In 2015, I was fortunate enough to be named a Varkey Foundation Global Teacher Prize Top 50 Finalist. While I didn't win the million dollar award, I earned something that I treasure to this day. I was able to meet educators from a myriad of different countries who have taught me a great deal about education around the world and impacted how I teach.
Hallo aus Deutschland
After the 50 finalists were announced, Mareike Hamecher from Germany reached out to me almost immediately. We had deep conversations about our classrooms, students, and teaching. Mareike teaches English and theater arts, and I was impressed with her website, which uses a collaborative, group-oriented teaching style that focuses on self-initiated learning. She uses audiovisual materials extensively, and her class projects focus on teaching units that encourage volunteerism and active citizenship. Mareike sent me videos her students made, and I was inspired and impressed with the depth of their expression. There was so much that Mareike did that I wanted to incorporate into my own classroom.
In June that year, Mareike came to visit me in Boston for four days. I brought her to my school, and we marveled at the similarities and differences between our two schools. For example, Mareike was surprised that we had an American flag in our classroom and that students said the Pledge of Allegiance each day—in Germany, that would be seen as nationalism. I showed one of Mareike's class's videos to my students and they loved it. The next year, my students made their own video that we shared with Mareike and her students. Mareike and I are still collaborating.
Hallo uit Nederland
This past October, I received an e-mail from Jelmer Evers, one of the top 50 finalists, from the Netherlands. He invited me to a one-day symposium at Harvard University on the future of the teaching profession. I was shocked when I saw that the guest list included education rock stars Howard Gardner and Andy Hargreaves, as well as other leading educators from around the world. During our meeting, we talked about the effects of automation and technology in teaching, and we discussed teaching networks around the globe, which are working to find solutions to contemporary educational challenges. We also talked about the teacher professionalism that is at the heart of educational change. It was exciting to be part of such a stimulating and inspirational discussion. Afterward, two attendees—professors from a university in the Netherlands—came to observe me at my high school. My students enjoyed peppering them with questions about education in Holland.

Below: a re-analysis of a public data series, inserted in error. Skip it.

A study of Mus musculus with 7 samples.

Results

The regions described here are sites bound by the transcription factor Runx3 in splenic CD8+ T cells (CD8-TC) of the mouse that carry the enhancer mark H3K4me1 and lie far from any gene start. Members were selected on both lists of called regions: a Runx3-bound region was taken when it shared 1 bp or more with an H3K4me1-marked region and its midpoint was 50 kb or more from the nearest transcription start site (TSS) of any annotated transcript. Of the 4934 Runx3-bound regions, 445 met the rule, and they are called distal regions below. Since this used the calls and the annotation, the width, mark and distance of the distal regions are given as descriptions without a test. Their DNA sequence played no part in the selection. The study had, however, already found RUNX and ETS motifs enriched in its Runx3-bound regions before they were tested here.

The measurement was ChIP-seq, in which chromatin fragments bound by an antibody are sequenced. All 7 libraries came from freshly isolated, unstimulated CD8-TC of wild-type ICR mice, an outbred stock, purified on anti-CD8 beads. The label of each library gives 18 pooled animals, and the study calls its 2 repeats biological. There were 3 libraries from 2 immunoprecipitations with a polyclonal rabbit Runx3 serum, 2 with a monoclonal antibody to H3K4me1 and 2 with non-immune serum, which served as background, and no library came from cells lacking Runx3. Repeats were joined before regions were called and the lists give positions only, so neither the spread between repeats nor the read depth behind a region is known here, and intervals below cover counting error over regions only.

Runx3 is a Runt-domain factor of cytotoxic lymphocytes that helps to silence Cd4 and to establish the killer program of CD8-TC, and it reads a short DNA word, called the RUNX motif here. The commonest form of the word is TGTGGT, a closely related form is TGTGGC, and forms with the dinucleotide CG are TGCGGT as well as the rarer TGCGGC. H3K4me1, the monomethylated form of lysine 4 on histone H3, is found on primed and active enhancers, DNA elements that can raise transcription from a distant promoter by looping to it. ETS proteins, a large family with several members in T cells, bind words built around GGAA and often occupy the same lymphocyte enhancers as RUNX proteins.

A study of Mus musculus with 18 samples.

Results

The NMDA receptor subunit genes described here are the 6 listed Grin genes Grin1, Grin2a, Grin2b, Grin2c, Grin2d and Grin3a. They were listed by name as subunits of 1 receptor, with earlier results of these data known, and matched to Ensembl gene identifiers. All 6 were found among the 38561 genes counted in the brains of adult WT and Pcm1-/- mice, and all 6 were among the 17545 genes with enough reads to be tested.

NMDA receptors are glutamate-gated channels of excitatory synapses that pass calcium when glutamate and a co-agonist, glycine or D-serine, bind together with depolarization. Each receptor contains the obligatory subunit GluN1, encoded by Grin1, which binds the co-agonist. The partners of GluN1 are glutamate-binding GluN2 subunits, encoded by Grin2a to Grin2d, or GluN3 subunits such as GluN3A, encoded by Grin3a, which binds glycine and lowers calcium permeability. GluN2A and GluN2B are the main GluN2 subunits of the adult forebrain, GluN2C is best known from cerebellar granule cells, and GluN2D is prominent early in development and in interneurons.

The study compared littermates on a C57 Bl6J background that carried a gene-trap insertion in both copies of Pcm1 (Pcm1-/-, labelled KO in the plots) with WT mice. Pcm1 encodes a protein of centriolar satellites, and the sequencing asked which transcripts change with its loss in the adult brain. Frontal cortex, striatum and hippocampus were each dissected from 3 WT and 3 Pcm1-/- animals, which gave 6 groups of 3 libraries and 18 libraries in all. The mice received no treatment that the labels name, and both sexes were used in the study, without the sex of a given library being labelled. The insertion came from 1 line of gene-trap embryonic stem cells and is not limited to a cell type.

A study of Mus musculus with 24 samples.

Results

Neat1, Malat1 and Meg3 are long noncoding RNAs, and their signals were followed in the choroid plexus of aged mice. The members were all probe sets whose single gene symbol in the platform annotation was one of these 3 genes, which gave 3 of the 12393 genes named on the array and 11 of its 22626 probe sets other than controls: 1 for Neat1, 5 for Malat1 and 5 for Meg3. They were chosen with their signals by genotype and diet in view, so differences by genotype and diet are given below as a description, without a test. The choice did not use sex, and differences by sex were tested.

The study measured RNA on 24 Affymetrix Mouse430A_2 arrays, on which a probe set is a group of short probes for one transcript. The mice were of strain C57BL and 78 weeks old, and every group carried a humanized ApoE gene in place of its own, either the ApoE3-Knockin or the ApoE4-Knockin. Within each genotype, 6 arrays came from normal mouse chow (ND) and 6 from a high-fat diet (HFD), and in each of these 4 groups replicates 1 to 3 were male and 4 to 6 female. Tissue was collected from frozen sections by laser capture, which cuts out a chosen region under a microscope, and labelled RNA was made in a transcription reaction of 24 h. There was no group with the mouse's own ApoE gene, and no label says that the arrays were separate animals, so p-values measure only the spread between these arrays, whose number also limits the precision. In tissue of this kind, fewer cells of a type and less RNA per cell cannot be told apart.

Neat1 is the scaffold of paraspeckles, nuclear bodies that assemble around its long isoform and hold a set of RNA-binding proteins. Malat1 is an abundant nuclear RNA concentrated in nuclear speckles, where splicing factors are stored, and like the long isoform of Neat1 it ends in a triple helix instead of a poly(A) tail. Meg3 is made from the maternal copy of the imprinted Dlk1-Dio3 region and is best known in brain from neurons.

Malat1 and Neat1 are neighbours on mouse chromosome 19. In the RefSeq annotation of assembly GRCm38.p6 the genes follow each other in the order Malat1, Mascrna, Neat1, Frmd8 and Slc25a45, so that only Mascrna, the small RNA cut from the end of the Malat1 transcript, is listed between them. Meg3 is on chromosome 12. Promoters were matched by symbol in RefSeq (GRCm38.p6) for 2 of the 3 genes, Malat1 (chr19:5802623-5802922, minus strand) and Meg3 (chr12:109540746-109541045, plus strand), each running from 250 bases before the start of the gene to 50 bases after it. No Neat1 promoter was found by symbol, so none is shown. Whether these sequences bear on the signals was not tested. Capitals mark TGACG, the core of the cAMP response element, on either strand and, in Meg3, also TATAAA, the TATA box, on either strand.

Further reading: 10 Classroom Strategies from Finland
When Jelmer got back to the Netherlands in November, he e-mailed me and asked if my students wanted to Skype with his students about the U.S. presidential election. My class was thrilled with the exchange, which showed that students halfway around the globe were just as concerned about the outcome of the U.S. election as we were. We hope to Skype more with Jelmer's classes in the future.
Kusheh from Sierra Leone
I've also met Miriam Mason-Sesay, who was one of the top five finalists from 2016. She moved from the U.K. to Sierra Leone and opened a school for vulnerable children, including orphans, young mothers, and ex-combatants. Miriam's nonprofit, EducAid Sierra Leone, now educates 2,500 students. She stresses equality at her school, and the participation rate of girls is twice Sierra Leone's average. This year, Miriam facilitated a pen pal project with our students that has taught these teenagers a great deal about the world. Because the project began around Martin Luther King, Jr. Day, the conversation starter was "What is your dream?" Our students shared their dreams for the future with one another. My students marveled at the similarities and differences, and they look forward to letters from their pen pals every month. They're gaining a global perspective that transcends the classroom.
Further reading: Exploring Countries in Your Classroom
The Varkey Foundation Global Teacher Prize experience has taught me a great deal about education around the world. Providing students with opportunities to investigate the world, share viewpoints, learn about other cultures, and interact with others helps them gain a global perspective that enables them to better understand, empathize, and take action. My students were profoundly affected by their experiences meeting students and educators from around the world, and many of them hope to study international relations and business, political science, medicine, and teaching.
The great lesson I've learned, however, is that sharing best teaching practices with educators around the globe is powerful. Through Mareike, for example, I learned about the effectiveness of interactive learning and began to understand the need to call upon students to be changemakers. I think about education in a new way after the symposium with Jelmer Evers and some of the world's leading educators. I recognize that education is the key to solving many global issues, and I realize that if teachers work together, the result will be effective and meaningful change.